Take a Breath! Breathing to Relax.

May Chevrette. Some rights reserved.



But because breathing happens automatically, most of us rarely think about it, until we come down with a respiratory ailment or find ourselves puffing with exertion.

Practice Breathing for Stress Relief

Yet focused and deliberate attention to proper breathing is an ancient stress-relieving, health promoting technique. What’s more, it’s free, and doesn’t require equipment or professional help.

Breathing techniques that have formed an important aspect of eastern spiritual practices for centuries have been incorporated into modern mindfulness practices, as well as into programs for managing anger, stress, panic disorder, chronic anxiety, and pain. Athletes, singers, and wind instrumentalists also benefit from breath-training programs.


How to Breathe Deeply

Many people breathe shallowly, using only the upper portion of their lungs.

Learning to breathe deeply from the abdomen, strengthening the diaphragm, the muscular wall that separates the chest and abdominal cavities, maintains the proper oxygen-carbon dioxide ratio in the blood. It will also help prevent hyperventilation (sometimes called “ovebreathing”), a main cause of anxiety attacks.

  • Here’s a good primer on learning to breathe from the diaphragm (sometimes also called “belly-breathing”).
  • Here’s another on the benefits of learning to breathe in through your nose. If you’ve been a chest-and/or-mouth-breather for awhile, it might take time to master these breathing techniques. Keep practicing a few minutes each day.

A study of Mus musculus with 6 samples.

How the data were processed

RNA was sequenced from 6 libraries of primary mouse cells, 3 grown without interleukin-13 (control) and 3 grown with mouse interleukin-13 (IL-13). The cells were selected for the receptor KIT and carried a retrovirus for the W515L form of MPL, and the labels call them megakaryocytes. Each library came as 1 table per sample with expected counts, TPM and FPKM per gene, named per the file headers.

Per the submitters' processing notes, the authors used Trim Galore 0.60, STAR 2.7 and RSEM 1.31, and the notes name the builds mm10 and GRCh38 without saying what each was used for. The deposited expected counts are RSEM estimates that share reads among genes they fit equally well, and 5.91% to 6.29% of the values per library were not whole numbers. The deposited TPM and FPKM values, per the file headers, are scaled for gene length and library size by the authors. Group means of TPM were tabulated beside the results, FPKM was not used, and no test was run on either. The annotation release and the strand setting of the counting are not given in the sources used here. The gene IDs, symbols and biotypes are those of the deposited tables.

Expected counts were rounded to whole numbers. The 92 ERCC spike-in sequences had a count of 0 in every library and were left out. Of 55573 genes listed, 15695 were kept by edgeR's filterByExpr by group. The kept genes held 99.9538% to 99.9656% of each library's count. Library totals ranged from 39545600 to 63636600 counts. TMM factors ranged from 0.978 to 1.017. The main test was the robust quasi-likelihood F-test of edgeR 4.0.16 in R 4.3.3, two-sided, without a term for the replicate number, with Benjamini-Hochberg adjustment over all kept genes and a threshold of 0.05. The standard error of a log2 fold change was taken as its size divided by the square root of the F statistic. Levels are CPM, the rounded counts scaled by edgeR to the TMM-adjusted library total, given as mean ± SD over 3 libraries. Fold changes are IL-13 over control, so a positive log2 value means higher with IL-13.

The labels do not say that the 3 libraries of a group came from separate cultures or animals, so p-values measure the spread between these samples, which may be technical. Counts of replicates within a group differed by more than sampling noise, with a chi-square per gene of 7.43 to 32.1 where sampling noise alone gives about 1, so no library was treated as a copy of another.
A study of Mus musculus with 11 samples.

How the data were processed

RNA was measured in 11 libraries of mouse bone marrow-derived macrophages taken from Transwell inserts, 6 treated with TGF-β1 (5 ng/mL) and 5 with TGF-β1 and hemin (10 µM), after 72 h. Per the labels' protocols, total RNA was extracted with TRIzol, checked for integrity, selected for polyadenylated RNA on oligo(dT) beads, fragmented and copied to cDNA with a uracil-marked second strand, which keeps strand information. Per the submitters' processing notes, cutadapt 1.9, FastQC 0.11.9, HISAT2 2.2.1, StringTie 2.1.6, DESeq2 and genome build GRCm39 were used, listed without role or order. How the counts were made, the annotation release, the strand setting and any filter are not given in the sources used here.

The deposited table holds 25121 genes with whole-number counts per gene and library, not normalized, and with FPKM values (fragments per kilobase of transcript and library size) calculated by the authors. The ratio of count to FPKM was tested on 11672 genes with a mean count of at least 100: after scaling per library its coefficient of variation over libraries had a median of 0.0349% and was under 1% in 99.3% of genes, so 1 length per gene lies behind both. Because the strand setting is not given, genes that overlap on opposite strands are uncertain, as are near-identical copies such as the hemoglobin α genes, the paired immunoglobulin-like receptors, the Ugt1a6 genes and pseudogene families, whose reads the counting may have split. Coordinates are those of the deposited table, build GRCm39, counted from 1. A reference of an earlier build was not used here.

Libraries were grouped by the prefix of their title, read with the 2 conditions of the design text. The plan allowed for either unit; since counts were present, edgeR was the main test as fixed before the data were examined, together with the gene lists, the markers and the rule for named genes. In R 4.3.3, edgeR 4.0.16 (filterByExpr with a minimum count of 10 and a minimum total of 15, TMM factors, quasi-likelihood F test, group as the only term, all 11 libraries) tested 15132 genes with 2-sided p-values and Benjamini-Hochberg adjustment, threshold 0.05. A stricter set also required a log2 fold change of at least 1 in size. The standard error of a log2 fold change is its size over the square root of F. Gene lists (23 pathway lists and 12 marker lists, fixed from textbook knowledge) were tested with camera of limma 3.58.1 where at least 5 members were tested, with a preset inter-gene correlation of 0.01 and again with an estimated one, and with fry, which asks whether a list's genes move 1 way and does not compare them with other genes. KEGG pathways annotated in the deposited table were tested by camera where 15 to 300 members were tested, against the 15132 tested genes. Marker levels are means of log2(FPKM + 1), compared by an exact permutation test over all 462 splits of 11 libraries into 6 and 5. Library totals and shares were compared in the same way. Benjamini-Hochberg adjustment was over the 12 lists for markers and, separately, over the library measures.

Aside from regular breathing practice, I find a minute of mindful breathing helps restore a balanced perspective, whenever I feel a surge of anger, fear, or anxiety. What a great technique! My breath is always at the ready, costs nothing, and hey! If I’m in a crowd, nobody has to know I’m using it. After all, everybody’s breathing.

If you search the Web, you’ll find many articles, research reports, and how-to videos on breathing and specific breathing techniques to improve physical, mental, emotional and spiritual health. Try these three:

You may also discover local groups and programs that focus on breathing and other techniques to help people manage stress.

About This Blog

Margaret Boyles lives in a wood-heated house in central New Hampshire. She grows vegetables, keeps chickens, swims in a backyard pond in summer, snowshoes in the surrounding woods in winter, and commutes by bike whenever possible.